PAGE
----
Zarif said the “advanced Iran-made test kits” exported to Germany, Turkey and other countries.
He also stressed the importance of international cooperation on the response to the pandemic, thanking Indian Parsis for sending aid to Iran.
“The Parsis of India – Zoroastrians whose ancestors long ago emigrated to India – have remained ever faithful in their love for Iran. Grateful for their Covid-19 package for Iranians,” he said.
Up to 69,000 Parsis, who are Zoroastrians of Iranian origin, currently live in India.
President Hassan Rouhani on Friday issued an order to boost the production of homegrown test kits in order to pave the way for exporting more of them.
In a telephone conversation on Friday, Rouhani ordered Vice President for Science and Technology Sorena Sattari to employ all domestic capacities and offer full support to scientific and research centers to increase the production of coronavirus diagnostic test kits.
The president underlined that the homegrown production should satisfy the domestic demands and allow for the export of the test kits to the countries needing them.
The export of Iranian diagnosis kits comes after Tehran announced last week that it had permitted the export of test kits after a reported surge in their production.
Speaking about the export of diagnosis kits last week, Sattari said that Iran is currently producing many products needed to combat COVID-19 which it could not produce before.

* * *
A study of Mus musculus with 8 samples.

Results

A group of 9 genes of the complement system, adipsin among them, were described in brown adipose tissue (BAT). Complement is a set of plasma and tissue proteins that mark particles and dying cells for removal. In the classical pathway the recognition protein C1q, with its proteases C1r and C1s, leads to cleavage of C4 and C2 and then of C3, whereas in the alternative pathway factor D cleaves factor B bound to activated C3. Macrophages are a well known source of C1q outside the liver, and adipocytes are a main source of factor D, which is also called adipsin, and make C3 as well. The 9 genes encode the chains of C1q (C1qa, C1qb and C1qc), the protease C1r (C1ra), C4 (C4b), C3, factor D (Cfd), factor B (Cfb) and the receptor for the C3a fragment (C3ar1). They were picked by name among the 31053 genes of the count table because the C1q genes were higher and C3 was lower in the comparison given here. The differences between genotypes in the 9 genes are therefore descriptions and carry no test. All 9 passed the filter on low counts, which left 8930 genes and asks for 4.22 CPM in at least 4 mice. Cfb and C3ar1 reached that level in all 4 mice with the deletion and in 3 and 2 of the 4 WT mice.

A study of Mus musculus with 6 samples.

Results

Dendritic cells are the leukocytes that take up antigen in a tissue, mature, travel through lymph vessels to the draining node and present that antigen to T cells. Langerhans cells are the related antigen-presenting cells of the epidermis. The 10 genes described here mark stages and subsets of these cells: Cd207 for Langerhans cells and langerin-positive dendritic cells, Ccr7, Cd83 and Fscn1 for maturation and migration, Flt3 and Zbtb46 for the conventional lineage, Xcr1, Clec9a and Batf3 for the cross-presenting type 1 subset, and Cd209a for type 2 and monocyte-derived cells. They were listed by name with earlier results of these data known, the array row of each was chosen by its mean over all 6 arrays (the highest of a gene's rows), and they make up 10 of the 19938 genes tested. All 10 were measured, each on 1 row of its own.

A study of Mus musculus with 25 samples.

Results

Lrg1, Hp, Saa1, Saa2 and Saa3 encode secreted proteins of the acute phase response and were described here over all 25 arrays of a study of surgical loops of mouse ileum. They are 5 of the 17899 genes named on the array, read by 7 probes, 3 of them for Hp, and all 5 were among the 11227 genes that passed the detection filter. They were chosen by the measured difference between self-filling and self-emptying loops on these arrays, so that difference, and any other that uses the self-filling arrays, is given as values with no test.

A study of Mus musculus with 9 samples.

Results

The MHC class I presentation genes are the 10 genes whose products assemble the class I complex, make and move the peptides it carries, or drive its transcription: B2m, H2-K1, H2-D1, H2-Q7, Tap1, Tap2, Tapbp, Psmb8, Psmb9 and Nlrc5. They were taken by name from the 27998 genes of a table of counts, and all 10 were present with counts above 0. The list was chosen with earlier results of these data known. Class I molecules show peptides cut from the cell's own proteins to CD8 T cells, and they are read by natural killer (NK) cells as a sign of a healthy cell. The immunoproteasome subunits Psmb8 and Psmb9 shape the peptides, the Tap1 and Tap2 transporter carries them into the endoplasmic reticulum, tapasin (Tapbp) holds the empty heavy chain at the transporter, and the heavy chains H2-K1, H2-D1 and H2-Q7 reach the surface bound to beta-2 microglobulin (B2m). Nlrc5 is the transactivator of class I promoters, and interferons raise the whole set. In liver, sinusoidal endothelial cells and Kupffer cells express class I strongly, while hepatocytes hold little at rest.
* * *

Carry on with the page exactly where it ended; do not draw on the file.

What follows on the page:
Iran has become needless of importing most medical products related to the coronavirus, he said.
Facing widespread US sanctions, Iran stepped up indigenous efforts to develop necessary medical equipment following the COVID-19 outbreak, quickly developing mass production lines for medical supplies such as ventilators, test kits, masks and disinfectants.
Infections rising in SW Iran
The Health Ministry warned Saturday that coronavirus infections were rising in the southwest despite falls in other regions, as it announced more than 1,500 new confirmed cases.
"All provinces are showing a gradual drop in new infections... except for Khuzestan, where the situation is still concerning," ministry spokesman Kianoush Jahanpour said in televised remarks.
The Health Ministry stopped publishing provincial figures for the coronavirus last month.
It has instead opted for a color-coded system of white for low-risk parts of the country, yellow for medium-risk and red for high-risk areas.
Latest reports have shown Khuzestan red along with a few other provinces, including the capital Tehran and the holy city of Qom, where Iran reported its first cases in February.
Early last week, Iran's official daily cases hit its lowest level since March 10, but it has since climbed again steadily.
Jahanpour said 1,529 new cases were confirmed in the past 24 hours, taking the overall total to 106,220.
There were 48 new deaths taking the overall toll to 6,589.
Of all those admitted to hospital, 85,064 people had recovered and been discharged.
Press TV and AFP contributed to this story.